A/N: Written for hpgeorgecentric Drabble/ Art Challenge
George sat with his back against a tree, tearing up bits of grass. He didn’t see the sun glinting off the lake; he didn’t see the breeze softly caressing the flowers; he didn’t see the giant squid and Buckbeak playing together in the waves.
Fred was dead. George didn’t know what to do. He was no longer part of “gredandforge” or “fredandgeorge”. He wasn’t even “Gred”. He was “just George”. Who was “just George”? George was alone; nobody else knew what it was like to lose their twin.
George was startled when Firenze sat down beside him, but didn’t acknowledge his presence. He’d never actually met Firenze! What gave him the right to interrupt his grass-tearing?
“George Weasley. Please forgive my intrusion. I hoped you could help with my predicament. We are bound by shared tragedy. Both of us lost our twin.”
George looked up in surprise. “You have a twin brother?!”
“Yes, Falcian. Twins are extremely rare amongst centaurs. I know of none who has lost a twin.”
“I don’t know any humans who have lost twins, either.” George paused. “When you came to teach, how did you leave Falcian?”
“Dumbledore invited both of us. Our divining skills are more accurate when we work together. However, Falcian refused to accompany me. He saw assisting Dumbledore as betrayal—centaurs do not get involved in human disputes. I know what I saw in the forest was not human, but pure evil. Assisting Dumbledore was helping Light overcome Darkness. I was hurt Falcian led the herd in banishing me. If Hagrid had not intervened, Falcian would have killed me.”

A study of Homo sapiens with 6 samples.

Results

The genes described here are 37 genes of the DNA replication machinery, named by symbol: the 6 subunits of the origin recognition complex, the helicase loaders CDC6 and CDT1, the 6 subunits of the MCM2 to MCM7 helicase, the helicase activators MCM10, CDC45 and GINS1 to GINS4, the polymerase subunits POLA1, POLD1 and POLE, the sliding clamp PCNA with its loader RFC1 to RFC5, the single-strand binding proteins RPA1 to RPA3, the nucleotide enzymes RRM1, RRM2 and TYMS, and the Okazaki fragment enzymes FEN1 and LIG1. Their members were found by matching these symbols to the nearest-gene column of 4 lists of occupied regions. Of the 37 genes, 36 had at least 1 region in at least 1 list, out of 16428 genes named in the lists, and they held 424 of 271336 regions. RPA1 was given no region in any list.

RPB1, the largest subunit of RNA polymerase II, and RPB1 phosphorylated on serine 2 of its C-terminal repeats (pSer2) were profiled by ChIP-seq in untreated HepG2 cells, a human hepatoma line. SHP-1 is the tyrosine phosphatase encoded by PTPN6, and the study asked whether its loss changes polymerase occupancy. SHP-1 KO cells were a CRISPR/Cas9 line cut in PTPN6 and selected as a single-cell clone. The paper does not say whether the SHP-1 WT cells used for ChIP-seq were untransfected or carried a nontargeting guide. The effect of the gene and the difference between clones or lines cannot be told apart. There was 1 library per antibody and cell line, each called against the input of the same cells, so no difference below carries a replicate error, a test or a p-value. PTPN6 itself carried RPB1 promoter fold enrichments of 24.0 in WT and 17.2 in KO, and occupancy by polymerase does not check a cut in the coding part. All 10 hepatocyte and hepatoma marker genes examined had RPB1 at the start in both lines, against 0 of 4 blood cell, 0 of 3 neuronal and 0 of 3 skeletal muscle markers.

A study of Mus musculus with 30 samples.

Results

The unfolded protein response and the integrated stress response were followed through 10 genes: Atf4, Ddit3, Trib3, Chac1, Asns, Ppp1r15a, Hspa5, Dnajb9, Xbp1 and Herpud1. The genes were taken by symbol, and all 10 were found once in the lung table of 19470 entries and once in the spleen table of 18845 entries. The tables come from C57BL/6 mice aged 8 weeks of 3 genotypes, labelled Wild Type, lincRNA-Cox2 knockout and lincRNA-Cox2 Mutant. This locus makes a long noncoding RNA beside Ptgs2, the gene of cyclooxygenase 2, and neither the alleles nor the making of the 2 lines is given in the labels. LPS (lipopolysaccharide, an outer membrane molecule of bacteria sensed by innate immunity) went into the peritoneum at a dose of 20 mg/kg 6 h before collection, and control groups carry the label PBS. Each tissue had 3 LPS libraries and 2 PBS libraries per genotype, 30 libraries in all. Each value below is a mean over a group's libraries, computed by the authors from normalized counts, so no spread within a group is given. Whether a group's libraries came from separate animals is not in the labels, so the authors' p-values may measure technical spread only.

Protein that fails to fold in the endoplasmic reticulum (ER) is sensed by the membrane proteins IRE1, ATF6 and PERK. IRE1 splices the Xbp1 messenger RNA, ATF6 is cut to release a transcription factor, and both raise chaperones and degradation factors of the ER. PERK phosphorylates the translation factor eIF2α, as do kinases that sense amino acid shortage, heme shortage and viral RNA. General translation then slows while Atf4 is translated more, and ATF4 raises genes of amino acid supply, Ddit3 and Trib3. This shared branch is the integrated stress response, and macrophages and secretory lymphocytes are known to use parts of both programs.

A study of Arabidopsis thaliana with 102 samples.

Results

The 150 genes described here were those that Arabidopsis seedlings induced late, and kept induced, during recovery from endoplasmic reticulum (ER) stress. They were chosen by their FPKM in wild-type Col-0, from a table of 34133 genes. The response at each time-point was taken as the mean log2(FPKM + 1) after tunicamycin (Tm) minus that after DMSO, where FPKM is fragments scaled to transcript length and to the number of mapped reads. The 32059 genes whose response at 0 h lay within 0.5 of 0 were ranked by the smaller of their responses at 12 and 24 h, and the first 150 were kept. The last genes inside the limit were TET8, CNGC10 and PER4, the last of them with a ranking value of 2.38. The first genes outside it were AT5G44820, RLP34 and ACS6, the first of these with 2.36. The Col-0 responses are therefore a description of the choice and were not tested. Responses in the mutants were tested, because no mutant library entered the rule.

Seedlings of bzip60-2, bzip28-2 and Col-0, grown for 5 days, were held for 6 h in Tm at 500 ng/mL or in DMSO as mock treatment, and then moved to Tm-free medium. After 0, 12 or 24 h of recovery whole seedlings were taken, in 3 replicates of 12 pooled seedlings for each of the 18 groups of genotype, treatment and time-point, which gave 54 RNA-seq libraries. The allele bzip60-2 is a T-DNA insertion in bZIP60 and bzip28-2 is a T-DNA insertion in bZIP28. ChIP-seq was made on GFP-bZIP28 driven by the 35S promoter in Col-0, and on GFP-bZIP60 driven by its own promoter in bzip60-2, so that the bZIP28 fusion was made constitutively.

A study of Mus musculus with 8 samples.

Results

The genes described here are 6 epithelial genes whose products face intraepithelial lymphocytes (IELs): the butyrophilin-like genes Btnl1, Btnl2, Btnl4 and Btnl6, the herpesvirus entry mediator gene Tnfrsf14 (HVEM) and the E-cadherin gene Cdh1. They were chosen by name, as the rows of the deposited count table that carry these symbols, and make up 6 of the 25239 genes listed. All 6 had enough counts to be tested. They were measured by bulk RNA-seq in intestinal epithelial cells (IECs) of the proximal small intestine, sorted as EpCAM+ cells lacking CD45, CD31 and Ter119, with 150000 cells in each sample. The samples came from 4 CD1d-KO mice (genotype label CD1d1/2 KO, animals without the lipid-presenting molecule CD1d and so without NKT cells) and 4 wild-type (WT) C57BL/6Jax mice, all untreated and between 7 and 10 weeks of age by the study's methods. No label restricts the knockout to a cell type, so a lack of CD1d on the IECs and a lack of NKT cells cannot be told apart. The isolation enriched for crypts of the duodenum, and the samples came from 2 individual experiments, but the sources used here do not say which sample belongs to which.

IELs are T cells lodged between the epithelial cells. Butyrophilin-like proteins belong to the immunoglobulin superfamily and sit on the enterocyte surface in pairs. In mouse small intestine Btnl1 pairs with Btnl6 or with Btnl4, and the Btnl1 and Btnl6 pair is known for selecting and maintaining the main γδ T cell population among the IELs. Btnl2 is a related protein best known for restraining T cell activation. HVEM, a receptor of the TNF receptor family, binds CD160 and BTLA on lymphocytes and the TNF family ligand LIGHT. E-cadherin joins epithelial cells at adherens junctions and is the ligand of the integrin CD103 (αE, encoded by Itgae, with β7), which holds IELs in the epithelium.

“Your twin would kill you!”
“It is the centaur way. If a centaur goes against the herd’s wishes, he will be banished. The family carries out the banishment. Death is often kinder than life without the herd.”
“Last you saw your twin he tried to kill you?” George was horrified. He couldn’t imagine losing your twin under such awful circumstances.
“No, George Weasley. When the centaurs joined the Light, Falcian found me and begged my pardon. We became brothers again. We fought side by side, killing many Death Eaters before we were wounded. Falcian died from his injuries. I would have died too, if Falcian were not with me. We are always better together than apart.”
“Fred and I are . . . were always better together, too.”
“You changed your speech to the past, George Weasley. Why?”
“Well, Fred died. He isn’t here anymore.” George’s voice cracked.
“Do not humans retain memories of loved ones?”
“Of course we have memories!” George thought this conversation more barmy by the second.
“Fred Weasley will live on in your heart and in your memories, as Falcian will in mine. A loved one never leaves us when we honor their memory.”
“So remembering Fred will keep part of him alive?”
“Yes, George Weasley. Part of him lives in you.”
George nodded thoughtfully, as they lapsed into a comfortable silence. Maybe he wasn’t alone after all.